MP Natalie McGarry apologises over 'holocaust denier' tweet
An MP has apologised and agreed to pay out £10,000 over offensive remarks she made on Twitter.
Earlier this year, Natalie McGarry accused Scotland in Union director Alastair Cameron of being an "internet troll" and an "outed holocaust denier".
Mr Cameron started legal action over the tweets, but has now accepted an apology from Ms McGarry, who will make payments to three charities.
The apology was to be pinned to the MP's Twitter profile for two weeks.
But after posting the apology, Ms McGarry made her profile private, meaning only those who are already following her can see it.
In response, Mr Cameron tweeted: "Dear @NatalieMcgarry, point of apology being pinned is so ppl can see it. Please sort, or regrettably there may be further from my solicitor".
Ms McGarry subsequently made her account public again, but has apparently blocked several Twitter users from viewing it - including BBC Scotland.
Ms McGarry withdrew from the SNP whip at Westminster in November after the Women for Independence group called in police to investigate alleged financial discrepancies in its accounts.
The Glasgow East MP's apology said: "On 6th March I tweeted that the Scotland in Union was headed by an "internet troll" and an "outed holocaust denier".
"I made a serious mistake and accept there is no truth to those statements and apologise unreservedly to Mr Cameron for any distress caused."
Where will the charitable donation go?
- Combat Stress
- Aegis Trust
Scotland in Union was set up by Mr Cameron to put forward the case for Scotland to remain in the UK.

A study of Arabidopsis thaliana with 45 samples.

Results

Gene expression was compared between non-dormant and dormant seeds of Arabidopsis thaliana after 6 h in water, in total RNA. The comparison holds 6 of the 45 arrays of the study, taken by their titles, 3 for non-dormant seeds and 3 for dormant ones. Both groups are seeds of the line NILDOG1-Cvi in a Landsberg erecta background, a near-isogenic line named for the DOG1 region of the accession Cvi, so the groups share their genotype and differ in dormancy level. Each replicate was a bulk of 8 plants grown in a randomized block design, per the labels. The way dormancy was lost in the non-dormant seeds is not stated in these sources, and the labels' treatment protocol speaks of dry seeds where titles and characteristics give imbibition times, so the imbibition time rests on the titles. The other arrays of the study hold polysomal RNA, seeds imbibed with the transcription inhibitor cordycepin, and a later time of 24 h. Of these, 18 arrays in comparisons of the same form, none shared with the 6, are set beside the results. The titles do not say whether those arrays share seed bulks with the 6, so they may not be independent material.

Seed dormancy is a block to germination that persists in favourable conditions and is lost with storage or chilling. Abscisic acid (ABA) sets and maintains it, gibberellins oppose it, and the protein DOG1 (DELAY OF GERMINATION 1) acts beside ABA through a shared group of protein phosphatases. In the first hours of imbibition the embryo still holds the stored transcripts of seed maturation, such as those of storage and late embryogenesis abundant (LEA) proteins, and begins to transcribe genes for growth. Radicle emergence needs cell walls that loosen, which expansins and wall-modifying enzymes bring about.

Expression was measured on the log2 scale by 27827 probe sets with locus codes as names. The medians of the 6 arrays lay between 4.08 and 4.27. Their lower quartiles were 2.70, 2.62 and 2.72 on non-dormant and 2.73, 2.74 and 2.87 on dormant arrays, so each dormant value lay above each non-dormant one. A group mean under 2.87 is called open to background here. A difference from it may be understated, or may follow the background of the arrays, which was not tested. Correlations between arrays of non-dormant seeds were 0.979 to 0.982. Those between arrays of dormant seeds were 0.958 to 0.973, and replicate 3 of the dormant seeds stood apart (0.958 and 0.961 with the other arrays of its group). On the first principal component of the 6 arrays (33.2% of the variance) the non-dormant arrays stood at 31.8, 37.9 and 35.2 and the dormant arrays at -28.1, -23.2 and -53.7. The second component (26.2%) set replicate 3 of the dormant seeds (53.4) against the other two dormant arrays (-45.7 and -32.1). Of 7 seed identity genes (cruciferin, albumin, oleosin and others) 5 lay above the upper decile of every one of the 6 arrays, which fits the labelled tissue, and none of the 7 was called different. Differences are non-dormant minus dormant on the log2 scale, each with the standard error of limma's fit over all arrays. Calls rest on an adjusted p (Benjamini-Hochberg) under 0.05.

It said that Combat Stress, Aegis Trust and Lumos - which was established by Harry Potter author JK Rowling - would all receive a share of the funds Mr Cameron will receive from Ms McGarry, after legal costs.
It is understood Ms McGarry has agreed to pay out a total of £10,000.
Speaking before Ms McGarry made her Twitter account private, Mr Cameron said: "I am pleased to accept this apology from Ms McGarry and draw a line under this unfortunate incident.
"The payment Ms McGarry has agreed to make will go to three excellent charities which I have been involved with and I am delighted that some good will now come of this.
"Politics in Scotland invokes passion and strong opinion on all sides, particularly on social media. I hope this serves as a reminder to us all that we need decency and respect in our debate, whether we agree with people or not.
"I look forward to continue making the positive case for Scotland in the UK."
Ms McGarry was also involved in another high-profile online spat in January, when she accused Ms Rowling of supporting "abusive misogynist trolls" on Twitter.
She claimed the Harry Potter author had "tweeted support" for a Twitter user who goes by the pseudonym Brian Spanner.
Ms Rowling strongly denied the claim and demanded an apology.
Ms McGarry later apologised for "any misguided inference" that Ms Rowling supports misogyny or abuse.
But she subsequently retweeted an image that had been altered to wrongly suggest Ms Rowling had responded "you're a good man" to an abusive tweet sent by Brian Spanner.
Ms McGarry also made headlines in February when she was detained by security forces in Turkey after getting out her mobile phone at a checkpoint in order to "record the sound of bombs from the Turkish forces falling on the Kurdish area of Sur in Diyarbakir".